The IGP Chronicles Part 3: NVIDIA's GeForce 9300by Anand Lal Shimpi & Gary Key on October 15, 2008 12:00 AM EST
At least the GeForce 9300 issues don't fundamentally cause the platform not to work in a home theater setup, but they are bothersome nonetheless. Given the maturity of the GeForce 8200 as a platform on the AMD side we hoped for more from NVIDIA here, but at least it gives us a glimmer of hope that what we're talking about today will soon fade and we'll be left with an easily recommendable HTPC platform. Because honestly, if these problems are quickly addressed, the GeForce 9300 is as close to perfect as you're going to get for now.
Gaming performance is good enough to compete with what's out there today. The GeForce 9300 is leaps and bounds ahead of Intel's G45, but that's not really a tremendous accomplishment. What NVIDIA has done however is effectively bring 780G-class performance to the Intel platform, which is better than nothing. It's still short of what we want in terms of integrated graphics performance but it's a big step in the right direction.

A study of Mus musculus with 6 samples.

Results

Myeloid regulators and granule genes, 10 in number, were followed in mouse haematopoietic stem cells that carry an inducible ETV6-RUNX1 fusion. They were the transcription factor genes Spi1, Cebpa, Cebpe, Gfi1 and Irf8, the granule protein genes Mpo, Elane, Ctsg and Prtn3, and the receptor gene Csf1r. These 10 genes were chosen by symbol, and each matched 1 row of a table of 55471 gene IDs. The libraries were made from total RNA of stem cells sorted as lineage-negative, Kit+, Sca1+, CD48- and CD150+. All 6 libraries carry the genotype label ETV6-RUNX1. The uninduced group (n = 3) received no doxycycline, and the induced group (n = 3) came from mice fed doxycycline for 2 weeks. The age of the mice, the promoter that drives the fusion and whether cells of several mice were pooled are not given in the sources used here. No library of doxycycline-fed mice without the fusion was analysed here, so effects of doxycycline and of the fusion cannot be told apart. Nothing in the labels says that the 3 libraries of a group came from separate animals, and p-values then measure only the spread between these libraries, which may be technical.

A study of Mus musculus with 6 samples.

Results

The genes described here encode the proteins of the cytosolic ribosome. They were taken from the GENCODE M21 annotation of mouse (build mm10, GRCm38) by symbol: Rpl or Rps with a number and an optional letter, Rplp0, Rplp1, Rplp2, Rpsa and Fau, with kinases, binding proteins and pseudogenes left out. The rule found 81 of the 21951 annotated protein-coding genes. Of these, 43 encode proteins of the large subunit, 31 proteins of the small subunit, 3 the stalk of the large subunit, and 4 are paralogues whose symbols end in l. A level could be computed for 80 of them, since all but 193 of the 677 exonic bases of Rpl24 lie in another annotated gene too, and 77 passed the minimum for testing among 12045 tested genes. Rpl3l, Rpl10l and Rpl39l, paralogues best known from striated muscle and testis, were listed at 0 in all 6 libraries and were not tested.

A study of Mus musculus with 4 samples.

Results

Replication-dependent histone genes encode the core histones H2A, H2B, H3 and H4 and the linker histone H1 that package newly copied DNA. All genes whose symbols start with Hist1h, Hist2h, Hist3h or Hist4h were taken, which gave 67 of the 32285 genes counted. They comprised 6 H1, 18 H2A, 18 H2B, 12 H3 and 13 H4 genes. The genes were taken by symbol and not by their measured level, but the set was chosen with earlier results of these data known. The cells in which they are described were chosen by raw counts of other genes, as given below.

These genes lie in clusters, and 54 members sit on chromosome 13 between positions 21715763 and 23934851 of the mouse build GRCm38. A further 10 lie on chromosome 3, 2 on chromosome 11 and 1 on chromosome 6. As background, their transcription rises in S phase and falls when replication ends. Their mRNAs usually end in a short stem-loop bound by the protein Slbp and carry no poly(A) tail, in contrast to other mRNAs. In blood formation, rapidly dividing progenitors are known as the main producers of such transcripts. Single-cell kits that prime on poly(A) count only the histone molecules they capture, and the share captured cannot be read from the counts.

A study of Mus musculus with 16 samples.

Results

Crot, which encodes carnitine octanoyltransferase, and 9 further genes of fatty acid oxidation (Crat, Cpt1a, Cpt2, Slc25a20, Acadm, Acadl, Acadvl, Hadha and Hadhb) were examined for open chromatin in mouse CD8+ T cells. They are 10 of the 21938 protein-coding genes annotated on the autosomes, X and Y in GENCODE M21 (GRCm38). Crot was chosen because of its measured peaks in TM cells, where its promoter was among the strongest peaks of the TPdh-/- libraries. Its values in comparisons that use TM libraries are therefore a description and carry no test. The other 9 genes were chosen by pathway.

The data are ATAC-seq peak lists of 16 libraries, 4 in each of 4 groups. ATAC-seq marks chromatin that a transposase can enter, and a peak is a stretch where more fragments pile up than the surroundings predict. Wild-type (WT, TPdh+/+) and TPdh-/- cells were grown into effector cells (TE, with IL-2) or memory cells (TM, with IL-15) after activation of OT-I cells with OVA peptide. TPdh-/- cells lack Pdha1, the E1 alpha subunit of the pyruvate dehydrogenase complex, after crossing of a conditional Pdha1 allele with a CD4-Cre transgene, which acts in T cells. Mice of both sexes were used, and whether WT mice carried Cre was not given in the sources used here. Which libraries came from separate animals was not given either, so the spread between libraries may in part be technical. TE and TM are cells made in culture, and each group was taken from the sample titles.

The HTPC feature set is nearly complete; the only thing we're lacking is the ability to bitstream Dolby TrueHD and DTS-HD MA (both of which no chipset currently supports). Flawless HDMI/HDCP repeater compatibility? Check. Fully functional hardware acceleration? Yep. 8-channel LPCM? Of course. Stutter-free 24p playback? It seems so.
It would be nice to see some more effort put in on the software side, as I mentioned before, to enable configuration of your HTPC without needing a regular computer monitor. I've also been dying to see AMD, Intel or NVIDIA incorporate a real color management system in their drivers to easily enable HTPCs to function as true video processors and not just expensive Blu-ray players.
As far as chipsets with integrated graphics go, NVIDIA's GeForce 9300 won our hearts, I would just hold off on that first date until the kinks get worked out.